USA Colorado cinema shooting puts focus on gun control
Holmes makes first appearance in court, as US mulls over lax gun control law
Centennial, Colorado: A little more than a week before the shootings at a crowded movie theatre, it appears suspect James Holmes was already looking to beat a retreat from the small apartment where he lived.
Half a block from his building — now surrounded by yellow police tape — Holmes had stopped to chat with neighbours, telling them he was looking for a new apartment.
“I told him we didn’t have any vacancy,” recalled Carl Allen, who talked with Holmes for several minutes.
“The thing that puzzled me,” Allen said, “he got an apartment over there. Why [did] he want one here?”
Americans got a first look at Holmes who made a brief court hearing on Monday, but remained perplexed over what triggered his alleged shooting frenzy that took the lives of 12 people.
His hair dyed orange, eyes staring out blankly, Holmes made the appearance three days after the rampage that also wounded 58.
Police have only begun to unravel the meticulously constructed horror story that seems to have become Holmes’ life.
Holmes had been a first-year graduate student in neurosciences at the University of Colorado at Denver, enrolled on a competitive National Institutes of Health scholarship.
On Monday, officials at the medical school campus said that, in June, Holmes had suddenly begun the process of dropping out.
They left unanswered the question of why — it’s not clear they even know.
He quietly ordered packages that police say contained the building blocks for makeshift explosives, he festooned his apartment with Batman memorabilia, and he set up a profile on an adult website advertising a propensity for “shenanigans” and asking, “Will you visit me in prison?”
Calls to re-examine US gun laws mounted as it emerged that Holmes bought his four weapons legally, as well as thousands of rounds of ammunition on the internet. Over eight weeks he stocked up on 6,300 rounds of ammunition: 3,000 for his .233 semi-automatic AR-15 rifle, another 3,000 for his two Glock pistols, and 300 cartridges for his pump-action shotgun.
New York Mayor Michael Bloomberg late Monday urged President Barack Obama and his Republican rival for the White House Mitt Romney to make the bid to clamp down on the rampant proliferation of firearms a talking point of their respective campaigns.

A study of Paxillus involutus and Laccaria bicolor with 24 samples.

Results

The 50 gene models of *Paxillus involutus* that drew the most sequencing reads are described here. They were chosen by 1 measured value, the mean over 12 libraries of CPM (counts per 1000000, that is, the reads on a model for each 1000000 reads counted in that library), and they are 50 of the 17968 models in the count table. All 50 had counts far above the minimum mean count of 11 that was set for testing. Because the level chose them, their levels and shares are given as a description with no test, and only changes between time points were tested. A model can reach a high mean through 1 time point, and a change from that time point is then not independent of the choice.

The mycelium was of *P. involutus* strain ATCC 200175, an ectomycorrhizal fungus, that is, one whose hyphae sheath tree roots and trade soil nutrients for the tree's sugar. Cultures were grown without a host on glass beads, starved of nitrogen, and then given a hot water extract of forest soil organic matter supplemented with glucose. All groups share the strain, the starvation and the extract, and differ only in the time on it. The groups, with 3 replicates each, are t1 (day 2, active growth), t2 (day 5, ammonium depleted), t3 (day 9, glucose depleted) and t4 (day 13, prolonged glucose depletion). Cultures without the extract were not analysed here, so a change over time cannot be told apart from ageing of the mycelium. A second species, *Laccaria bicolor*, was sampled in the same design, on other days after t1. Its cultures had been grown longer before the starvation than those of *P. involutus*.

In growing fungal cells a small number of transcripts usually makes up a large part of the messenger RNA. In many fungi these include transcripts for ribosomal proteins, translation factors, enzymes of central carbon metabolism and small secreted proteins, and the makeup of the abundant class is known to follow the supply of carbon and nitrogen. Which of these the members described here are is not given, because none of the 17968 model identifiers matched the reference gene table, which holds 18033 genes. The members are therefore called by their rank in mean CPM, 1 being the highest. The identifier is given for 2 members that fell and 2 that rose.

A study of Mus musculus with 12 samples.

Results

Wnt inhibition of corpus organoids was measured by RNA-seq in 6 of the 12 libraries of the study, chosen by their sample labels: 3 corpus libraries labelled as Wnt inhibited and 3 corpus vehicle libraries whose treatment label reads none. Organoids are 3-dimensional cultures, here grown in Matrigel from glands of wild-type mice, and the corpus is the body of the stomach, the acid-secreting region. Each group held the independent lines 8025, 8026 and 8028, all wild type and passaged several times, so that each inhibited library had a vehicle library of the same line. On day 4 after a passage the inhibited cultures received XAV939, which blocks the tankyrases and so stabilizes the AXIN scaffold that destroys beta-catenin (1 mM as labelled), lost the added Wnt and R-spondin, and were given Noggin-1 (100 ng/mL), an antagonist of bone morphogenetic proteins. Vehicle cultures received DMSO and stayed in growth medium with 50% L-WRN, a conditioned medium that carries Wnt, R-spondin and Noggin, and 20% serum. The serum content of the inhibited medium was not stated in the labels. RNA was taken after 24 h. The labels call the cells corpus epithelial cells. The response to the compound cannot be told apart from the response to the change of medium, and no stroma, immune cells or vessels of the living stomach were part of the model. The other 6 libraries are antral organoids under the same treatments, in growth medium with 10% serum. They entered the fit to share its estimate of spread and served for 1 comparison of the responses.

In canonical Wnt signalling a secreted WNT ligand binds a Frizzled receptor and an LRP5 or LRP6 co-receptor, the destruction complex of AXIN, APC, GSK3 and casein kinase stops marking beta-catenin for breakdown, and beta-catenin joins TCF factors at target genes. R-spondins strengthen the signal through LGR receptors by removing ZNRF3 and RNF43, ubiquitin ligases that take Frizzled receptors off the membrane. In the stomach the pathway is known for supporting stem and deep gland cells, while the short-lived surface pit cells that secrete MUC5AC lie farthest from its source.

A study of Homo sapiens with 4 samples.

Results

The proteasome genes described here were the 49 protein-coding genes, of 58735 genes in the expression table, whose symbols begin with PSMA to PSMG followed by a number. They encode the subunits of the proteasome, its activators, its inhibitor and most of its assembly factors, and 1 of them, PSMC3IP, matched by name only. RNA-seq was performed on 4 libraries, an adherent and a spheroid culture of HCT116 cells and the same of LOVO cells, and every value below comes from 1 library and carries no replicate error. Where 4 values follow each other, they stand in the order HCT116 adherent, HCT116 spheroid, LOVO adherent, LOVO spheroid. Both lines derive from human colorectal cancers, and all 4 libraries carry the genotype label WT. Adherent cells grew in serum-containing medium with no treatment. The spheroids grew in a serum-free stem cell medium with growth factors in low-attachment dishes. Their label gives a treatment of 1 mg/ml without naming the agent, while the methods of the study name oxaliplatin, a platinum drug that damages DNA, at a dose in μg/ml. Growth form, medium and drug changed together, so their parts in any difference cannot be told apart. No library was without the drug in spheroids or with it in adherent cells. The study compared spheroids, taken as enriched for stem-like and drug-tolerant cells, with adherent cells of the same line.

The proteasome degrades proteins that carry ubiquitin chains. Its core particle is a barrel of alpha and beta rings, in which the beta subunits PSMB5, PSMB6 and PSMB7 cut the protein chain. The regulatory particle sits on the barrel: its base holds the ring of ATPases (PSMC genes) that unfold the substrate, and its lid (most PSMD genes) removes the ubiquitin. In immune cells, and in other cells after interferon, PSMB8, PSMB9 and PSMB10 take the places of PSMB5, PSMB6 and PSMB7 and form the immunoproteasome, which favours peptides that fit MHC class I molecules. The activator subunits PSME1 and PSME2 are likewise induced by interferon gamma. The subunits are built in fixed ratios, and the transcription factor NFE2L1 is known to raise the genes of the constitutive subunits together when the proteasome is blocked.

“Since 48,000 people will be murdered with guns in... the next four-year presidential term, I would argue it’s a substantial problem and that they have an obligation to tell the public before the public goes to the voting booth what they will do,” Bloomberg told CNN.
How can we prevent mass killings like Aurora?
On the morning of the shooting, when Tom Mauser turned on the news his first thought was “Oh God,” followed by an immediate: “Not again.”
Mauser’s own son Daniel was slain along with 12 others at Columbine High School in 1999. In the years that have followed, every time the unthinkable happens yet again — at a Virginia college, a Texas military base, an Arizona strip mall, a Colorado movie theatre — Mauser mourns anew.
Mauser’s primary focus has been to advocate for more gun control. Mauser and those who have spent years studying mass murder know that any so-called solutions must go far beyond gun control.
Generally, they say the solution may have less to do with government intervention than individual action. People need to be more aware of troubled individuals who may act “violently”, they should talk with them, and if they remain alarmed they must reach out for help. And when they do, there must be someone to listen and act effectively.
“The question we have to ask constantly is: What more can we be doing?” said Peter Langman, a psychologist.
In many cases, Langman and others have found, the murderers either left clues as to what might be coming or behaved in a manner that left those around them feeling uneasy but, perhaps, unsure of what to do.
“You can alert people. You can try talking to the person if it’s someone you know. Engage them in conversation. See if they’re in a state of crisis.”
Terry Garahan, who spent years training law officers in Ithaca, New York, to better cope with emotionally disturbed suspects, has another take.
“We assume that someone else is going to take care of it, someone else is going to make the call. What we can do is to take a risk.”
But how do you cover all your bases?
If there is one saving grace it is to be found in statistics. James Alan Fox, a professor of criminology at Northeastern University and one of the nation’s foremost experts on mass murder, has collected data on every mass murder in the United States going back to the mid-1970s.
He and others noted, overall homicide rates in the United States have fallen to their lowest levels in decades. And while America still suffers from more violent crimes and murders than most other westernised countries, mass killings occur elsewhere, as well.
Beyond gun control, most Americans will look to the mental health industry for accountability.
“When people say there were warning signs, they’re yellow flags,” he added. “Those yellow flags only turn red once the blood has spilled.”